From sources such as Athenaeus, Moschion of Phaselis and Plutarch, we know that a magnificent ship, known as the Syracusia, was built in the Greek city of Syracuse in the 3rd-century BCE. It was built during the reign of the tyrant Hiero II (or Hieron II, c. 270-215 BCE), and was one of the largest ships ever built in antiquity.
There are two main accounts of why and how the ship was built and launched. In one version of the story, King Hiero II had his shipwrights create the glorious vessel as a lofty gift to Ptolemaic Egypt, but when the ship was completed, it was too heavy to be launched to sea. The tyrant brought in the brilliant Archimedes (c. 287-212 BCE)—who claimed that he could move the earth, itself—and challenged the genius to prove his worth by moving the ship to water. Archimedes accepted the challenge and, by setting up an elaborate system of pulleys and cranks, managed to successfully push or pull the ship off land and onto the waves. In an alternative account of events, the Syracusia may have been Archimedes’ creation from the very beginning. In this version, Archimedes would have been the architect of the ship and overseen its construction, ensuring that the vessel was a pristine display of his mastery of engineering and architecture. Just like in the previous story, Archimedes may have used some of his mental acumen to launch his creation out to sea.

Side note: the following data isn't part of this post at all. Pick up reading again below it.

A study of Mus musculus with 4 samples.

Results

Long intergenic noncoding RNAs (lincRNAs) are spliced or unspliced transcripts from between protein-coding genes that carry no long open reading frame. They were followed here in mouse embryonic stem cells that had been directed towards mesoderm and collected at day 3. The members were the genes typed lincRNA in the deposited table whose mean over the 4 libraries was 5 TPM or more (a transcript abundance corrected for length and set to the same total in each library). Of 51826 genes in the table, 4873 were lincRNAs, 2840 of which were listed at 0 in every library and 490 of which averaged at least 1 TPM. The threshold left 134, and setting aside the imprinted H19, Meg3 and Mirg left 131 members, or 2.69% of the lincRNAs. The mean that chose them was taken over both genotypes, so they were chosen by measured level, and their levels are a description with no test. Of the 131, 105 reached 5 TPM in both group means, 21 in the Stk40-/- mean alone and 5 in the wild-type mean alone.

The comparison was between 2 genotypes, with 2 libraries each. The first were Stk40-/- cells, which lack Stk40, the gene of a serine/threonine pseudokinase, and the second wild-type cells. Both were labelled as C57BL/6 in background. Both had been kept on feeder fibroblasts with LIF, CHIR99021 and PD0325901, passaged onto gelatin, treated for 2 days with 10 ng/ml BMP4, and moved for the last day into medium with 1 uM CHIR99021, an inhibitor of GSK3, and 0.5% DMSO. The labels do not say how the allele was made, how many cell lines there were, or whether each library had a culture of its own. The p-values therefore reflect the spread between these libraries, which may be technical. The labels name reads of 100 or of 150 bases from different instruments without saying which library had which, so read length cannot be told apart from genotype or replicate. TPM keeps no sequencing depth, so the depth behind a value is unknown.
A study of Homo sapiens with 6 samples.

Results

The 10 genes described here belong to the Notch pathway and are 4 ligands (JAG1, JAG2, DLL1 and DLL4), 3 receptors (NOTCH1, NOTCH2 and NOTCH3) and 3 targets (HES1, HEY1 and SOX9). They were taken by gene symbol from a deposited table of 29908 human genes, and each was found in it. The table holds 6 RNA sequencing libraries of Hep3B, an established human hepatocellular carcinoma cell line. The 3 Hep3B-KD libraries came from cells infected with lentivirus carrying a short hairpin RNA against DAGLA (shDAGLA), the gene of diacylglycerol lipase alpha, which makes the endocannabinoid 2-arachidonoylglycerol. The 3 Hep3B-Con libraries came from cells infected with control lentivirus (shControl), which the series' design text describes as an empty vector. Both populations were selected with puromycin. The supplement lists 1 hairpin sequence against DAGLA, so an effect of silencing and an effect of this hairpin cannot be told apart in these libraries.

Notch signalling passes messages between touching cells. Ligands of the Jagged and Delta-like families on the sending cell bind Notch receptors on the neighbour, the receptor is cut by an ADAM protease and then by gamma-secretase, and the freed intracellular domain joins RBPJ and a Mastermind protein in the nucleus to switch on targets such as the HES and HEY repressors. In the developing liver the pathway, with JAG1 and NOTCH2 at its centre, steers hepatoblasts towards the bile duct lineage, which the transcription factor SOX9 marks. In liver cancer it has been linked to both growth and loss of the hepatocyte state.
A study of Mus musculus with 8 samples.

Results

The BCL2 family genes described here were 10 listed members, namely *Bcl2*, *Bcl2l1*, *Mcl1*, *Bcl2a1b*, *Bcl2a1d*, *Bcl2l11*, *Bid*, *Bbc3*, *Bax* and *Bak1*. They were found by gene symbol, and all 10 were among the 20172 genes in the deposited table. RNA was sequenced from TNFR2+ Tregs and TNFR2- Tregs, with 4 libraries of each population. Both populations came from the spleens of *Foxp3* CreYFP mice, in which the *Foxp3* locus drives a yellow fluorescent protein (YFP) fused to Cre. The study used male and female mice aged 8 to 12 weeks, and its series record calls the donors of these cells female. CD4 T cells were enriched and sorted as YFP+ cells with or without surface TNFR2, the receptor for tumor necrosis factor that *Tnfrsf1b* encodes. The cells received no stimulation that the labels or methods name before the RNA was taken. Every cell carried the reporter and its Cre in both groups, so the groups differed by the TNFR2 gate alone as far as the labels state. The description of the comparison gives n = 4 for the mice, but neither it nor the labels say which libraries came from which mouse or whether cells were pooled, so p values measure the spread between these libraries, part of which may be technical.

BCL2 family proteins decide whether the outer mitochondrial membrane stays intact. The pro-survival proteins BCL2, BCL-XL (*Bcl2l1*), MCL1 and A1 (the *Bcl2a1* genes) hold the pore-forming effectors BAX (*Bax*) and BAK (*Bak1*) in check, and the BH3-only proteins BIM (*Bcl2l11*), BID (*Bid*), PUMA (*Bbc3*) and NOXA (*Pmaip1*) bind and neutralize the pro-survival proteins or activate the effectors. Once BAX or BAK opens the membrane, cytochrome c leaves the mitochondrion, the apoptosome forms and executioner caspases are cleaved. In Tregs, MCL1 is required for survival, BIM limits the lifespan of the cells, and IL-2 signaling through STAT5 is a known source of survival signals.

The feat of dragging the Syracusia from land to water becomes more impressive as you learn about the ship. The luxurious Syracusia was said to have been constructed out of enough materials to build a fleet of sixty trireme ships. The vessel had enough sturdiness and buoyancy to accommodate well over a thousand tons of cargo, as well as just under 2,000 passengers.
The Syracusia, however, was not the average freighting vessel or ferry—it was an extravagantly furnished cruise ship. It reportedly had its own library, gymnasium and temple for the passengers to use during voyages. As an added touch of aesthetics, the ship was covered in sculptures, paintings and gardens. For protection, it also housed a garrison of around 200-400 soldiers, and even was said to have had siege engines on board, which were possibly elevated on towers. If the ship began to take on water, the Syracusia was also equipped with an Archimedes screw, which could pump water out of the hull.
The Syracusia only made one known voyage, from Syracuse down toward North Africa, with its destination presumably in Egypt. The fate of the luxurious ship still remains a mystery.
Written by C. Keith Hansley.
Top picture attribution: (18th century illustration of the Syracusia, [Public Domain] via Creative Commons).